Reducing the cancer burden depends on access to meaningful health coverage for all Americans. ACS CAN created an infographic to help illustrate the difference between having access to affordable, adequate coverage and facing barriers to care when facing a cancer diagnosis.
Prevention and the Public Health Fund & the Health Care Law
Increased investment in prevention
Every day, nearly 1,600 people in America die from cancer. About 50 percent of all cancer deaths could be prevented by applying proven prevention and early detection strategies.
Despite enormous advances in the prevention of disease, historically, the health care system focused on treating people after they become sick or injured, instead of keeping them well in the first place. Prior to passage of the Affordable Care Act, only four percent of all federal health care spending went toward prevention and early detection. Adequate and sustained investments and improvements in prevention and early detection are essential to meaningful health care reform. The Affordable Care Act took an important step in addressing these issues by creating a mandatory fund, known as the Prevention and Public Health Fund, to provide an expanded and sustained national investment in evidence-based programs that will help improve health and reduce chronic disease in our nation.
Increasing our investment in prevention and early detection will improve health and save lives.
Highlights of the Prevention and Public Health Fund
The establishment of the Prevention and Public Health Fund is a transformative and first-of-its-kind investment in prevention and wellness. In its first few years, the Prevention Fund has created new evidence-based programs in all 50 states and dozens of communities across the country. Prevention Fund dollars are being used to help control the obesity epidemic, reduce tobacco use, increase mammograms, fight health disparities, and fill the gaps in our health care workforce, which will ultimately reduce health care costs caused by chronic disease. ACS CAN highlights some of the achievements of the Prevention Fund in its Staying Well: Real Stories from the Prevention and Public Health Fund publication. For example, the “Tips from Former Smokers” campaign, paid for in part by the fund, resulted in more than 100,000 Americans quitting smoking in 2012.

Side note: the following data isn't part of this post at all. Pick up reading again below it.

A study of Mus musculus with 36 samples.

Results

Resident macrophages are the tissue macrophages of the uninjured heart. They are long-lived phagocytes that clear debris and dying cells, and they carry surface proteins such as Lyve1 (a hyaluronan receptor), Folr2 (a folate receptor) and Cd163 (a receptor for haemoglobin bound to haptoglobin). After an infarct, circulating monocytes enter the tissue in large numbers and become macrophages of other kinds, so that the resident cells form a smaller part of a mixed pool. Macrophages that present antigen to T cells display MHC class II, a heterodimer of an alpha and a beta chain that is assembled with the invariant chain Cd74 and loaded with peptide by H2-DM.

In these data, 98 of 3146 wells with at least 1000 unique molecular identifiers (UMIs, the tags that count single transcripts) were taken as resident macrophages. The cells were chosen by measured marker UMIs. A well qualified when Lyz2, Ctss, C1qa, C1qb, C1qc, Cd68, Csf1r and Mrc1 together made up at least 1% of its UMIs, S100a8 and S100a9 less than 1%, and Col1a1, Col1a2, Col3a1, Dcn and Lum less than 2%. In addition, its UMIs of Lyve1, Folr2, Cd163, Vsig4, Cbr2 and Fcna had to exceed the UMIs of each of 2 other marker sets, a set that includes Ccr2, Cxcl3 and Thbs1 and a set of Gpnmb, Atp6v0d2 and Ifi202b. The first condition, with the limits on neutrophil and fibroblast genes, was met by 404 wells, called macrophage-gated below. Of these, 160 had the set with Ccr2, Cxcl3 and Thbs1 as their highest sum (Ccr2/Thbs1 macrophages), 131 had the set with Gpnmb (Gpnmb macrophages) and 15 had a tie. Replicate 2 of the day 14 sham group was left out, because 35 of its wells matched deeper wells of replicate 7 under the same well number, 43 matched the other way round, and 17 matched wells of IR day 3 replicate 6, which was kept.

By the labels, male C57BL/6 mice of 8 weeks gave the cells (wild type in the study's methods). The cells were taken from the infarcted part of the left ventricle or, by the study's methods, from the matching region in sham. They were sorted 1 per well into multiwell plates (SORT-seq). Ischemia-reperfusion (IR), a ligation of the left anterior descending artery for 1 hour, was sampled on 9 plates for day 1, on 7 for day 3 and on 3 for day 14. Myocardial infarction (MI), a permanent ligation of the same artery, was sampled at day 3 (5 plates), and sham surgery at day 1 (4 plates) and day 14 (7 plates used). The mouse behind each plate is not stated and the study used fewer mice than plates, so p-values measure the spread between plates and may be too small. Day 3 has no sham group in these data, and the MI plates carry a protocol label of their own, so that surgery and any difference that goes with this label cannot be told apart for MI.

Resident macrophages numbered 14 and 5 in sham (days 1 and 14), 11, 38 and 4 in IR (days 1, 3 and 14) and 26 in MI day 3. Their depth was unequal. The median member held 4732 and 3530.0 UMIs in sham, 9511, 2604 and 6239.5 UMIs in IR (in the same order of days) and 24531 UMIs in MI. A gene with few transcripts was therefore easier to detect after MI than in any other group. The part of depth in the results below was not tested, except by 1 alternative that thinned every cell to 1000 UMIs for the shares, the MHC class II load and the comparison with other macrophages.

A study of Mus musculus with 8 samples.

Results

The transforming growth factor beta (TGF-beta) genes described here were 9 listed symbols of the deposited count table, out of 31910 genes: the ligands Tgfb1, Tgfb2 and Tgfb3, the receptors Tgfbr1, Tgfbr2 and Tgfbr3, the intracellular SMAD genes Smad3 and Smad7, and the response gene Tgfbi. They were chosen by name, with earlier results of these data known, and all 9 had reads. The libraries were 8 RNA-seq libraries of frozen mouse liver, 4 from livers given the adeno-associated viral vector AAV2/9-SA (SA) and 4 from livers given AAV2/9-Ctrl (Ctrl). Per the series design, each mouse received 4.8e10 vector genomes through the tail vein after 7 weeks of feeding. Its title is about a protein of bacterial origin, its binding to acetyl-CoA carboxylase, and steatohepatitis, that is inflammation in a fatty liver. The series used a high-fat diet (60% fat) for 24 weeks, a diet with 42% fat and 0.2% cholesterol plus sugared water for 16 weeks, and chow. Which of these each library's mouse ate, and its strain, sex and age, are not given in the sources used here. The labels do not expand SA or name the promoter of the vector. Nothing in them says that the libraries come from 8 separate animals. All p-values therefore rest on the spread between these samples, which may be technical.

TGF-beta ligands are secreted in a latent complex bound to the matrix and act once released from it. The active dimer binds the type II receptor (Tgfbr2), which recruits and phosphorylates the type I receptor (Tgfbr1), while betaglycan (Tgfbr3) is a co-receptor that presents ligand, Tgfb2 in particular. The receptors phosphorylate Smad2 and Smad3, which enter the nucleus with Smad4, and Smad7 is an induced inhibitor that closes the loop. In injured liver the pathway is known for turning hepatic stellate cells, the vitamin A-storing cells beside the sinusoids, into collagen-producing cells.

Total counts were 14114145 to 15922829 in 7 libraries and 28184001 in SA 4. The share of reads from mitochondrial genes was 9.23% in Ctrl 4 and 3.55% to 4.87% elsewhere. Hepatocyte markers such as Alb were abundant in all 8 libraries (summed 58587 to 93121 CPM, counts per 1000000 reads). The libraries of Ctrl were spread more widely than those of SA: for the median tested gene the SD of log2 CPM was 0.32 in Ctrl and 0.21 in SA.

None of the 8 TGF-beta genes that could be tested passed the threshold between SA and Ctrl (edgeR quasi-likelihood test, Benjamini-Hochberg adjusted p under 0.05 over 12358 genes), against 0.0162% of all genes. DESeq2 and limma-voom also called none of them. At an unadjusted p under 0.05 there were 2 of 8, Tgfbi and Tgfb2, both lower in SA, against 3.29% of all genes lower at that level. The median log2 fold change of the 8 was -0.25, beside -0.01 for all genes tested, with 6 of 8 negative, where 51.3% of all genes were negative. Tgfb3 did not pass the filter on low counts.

Unfortunately, the Prevention Fund has become a target to fill budget holes in existing non-prevention government programs, rather than used for its intended purpose to make prevention a national priority. To date, Congress has cut $6.25 million from the fund over 10 years, with approximately $500 million in additional cuts due to sequestration and diversion to other programs.
Provisions of the health care law:
Establishes a Prevention and Public Health Fund
- The Fund was authorized to receive $500 million starting in fiscal year 2010, and $2 billion by fiscal year 2015 and each fiscal year thereafter
- Activities funded include: prevention research, health screenings, community transformation grants, education and outreach campaigns, and immunization programs
Implications for the American Cancer Society and American Cancer Society Cancer Action Network (ACS CAN)
- ACS CAN will continue to fight for the preservation of the Prevention and Public Health Fund to the funding levels mandated under the Affordable Care Act.
- The Society and ACS CAN will engage in opportunities to ensure the Prevention and Public Health Fund dollars are adequately distributed, increased when needed and sustained over time.
- The Society may be eligible as a grant recipient to develop, implement or evaluate community prevention programs and health professional education and training programs.